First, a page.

Pregnant and Far from Home, a Sisterhood of the Expecting

BETHEL, Alaska — The contractions were coming eight minutes apart, and Billie Jo Yupanik was breathing into them, her gaze down, hands cradling her abdomen.

Around her, other pregnant women padded around the open, airy rooms of the Yukon-Kuskokwim prematernal home, chatting on phones or grabbing coffee from the pot. They mostly smiled and nodded at Ms. Yupanik as they passed, but otherwise seemed to pay her little mind. Going into labor, after all, is hardly remarkable in this place.

Childbirth has become more dangerous for women across much of the United States over the last two decades; maternal death rates have doubled since the late 1980s, according to federal figures. Rural places — here in Alaska and across the lower 48 states — are among the hardest hit as vast distances, widespread poverty and fewer doctors make it harder to obtain access to health care. And Native populations are often on the very edge of that disparity: A baby born to an Alaska Native mother is four times as likely to die in the first year of life as a white baby.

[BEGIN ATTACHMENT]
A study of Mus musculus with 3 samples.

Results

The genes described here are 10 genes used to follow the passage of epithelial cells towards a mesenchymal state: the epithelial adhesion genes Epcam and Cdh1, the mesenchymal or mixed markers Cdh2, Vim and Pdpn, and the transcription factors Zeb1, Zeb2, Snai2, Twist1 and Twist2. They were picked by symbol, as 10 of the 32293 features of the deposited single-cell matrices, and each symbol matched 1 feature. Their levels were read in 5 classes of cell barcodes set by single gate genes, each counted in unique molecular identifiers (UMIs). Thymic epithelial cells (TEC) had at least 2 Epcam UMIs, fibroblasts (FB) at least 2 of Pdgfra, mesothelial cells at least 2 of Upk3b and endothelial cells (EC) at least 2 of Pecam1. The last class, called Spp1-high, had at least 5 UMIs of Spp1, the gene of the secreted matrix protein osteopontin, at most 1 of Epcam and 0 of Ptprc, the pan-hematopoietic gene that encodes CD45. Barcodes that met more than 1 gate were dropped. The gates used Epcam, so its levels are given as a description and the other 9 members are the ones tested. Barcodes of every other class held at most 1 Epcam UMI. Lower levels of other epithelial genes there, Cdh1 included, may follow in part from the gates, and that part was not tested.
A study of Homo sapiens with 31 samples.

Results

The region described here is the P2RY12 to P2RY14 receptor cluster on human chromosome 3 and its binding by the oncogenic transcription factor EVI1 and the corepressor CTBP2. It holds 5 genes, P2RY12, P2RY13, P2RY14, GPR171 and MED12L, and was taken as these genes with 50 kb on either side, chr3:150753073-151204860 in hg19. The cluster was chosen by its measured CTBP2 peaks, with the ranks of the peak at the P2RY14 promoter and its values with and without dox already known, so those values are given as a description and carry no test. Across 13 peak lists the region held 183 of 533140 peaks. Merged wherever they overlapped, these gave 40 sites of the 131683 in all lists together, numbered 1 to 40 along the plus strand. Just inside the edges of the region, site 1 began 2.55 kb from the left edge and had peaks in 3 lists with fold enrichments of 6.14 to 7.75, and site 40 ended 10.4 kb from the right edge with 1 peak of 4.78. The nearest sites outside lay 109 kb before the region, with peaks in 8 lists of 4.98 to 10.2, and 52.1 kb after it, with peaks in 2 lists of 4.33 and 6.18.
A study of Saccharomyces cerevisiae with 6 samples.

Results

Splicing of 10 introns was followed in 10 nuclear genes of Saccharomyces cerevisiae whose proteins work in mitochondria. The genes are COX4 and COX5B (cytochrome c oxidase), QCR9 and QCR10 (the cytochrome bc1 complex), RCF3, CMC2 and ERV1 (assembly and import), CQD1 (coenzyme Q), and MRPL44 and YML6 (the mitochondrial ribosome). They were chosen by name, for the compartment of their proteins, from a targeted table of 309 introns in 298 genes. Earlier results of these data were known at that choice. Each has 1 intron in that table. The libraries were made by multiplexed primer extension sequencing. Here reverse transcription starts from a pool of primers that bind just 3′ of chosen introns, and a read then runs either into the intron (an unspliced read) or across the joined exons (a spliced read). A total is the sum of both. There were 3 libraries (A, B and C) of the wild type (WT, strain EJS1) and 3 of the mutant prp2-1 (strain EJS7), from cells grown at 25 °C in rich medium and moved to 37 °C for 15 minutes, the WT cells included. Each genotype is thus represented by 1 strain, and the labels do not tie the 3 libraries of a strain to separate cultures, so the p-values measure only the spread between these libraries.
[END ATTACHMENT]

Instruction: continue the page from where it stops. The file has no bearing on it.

But here on the far western end of the nation’s biggest and most rural state, where roads are nearly nonexistent and populations are scattered across tiny villages, caregivers are trying to change the equation not by sending more doctors out, but by bringing more women in. At their first prenatal visits to the hospital, doctors assign a due date for the baby and a “be in Bethel” date 30 days earlier, for a stay at the prematernal home, which the hospital operates nearby. An added stern warning makes most women comply: If they don’t come, they might give birth without a doctor’s care at all.

Bethel, population 6,400, is the biggest town for more than 350 miles in any direction, and the Yukon-Kuskokwim Health Corporation, the one hospital in the region, serves an area the size of Oregon.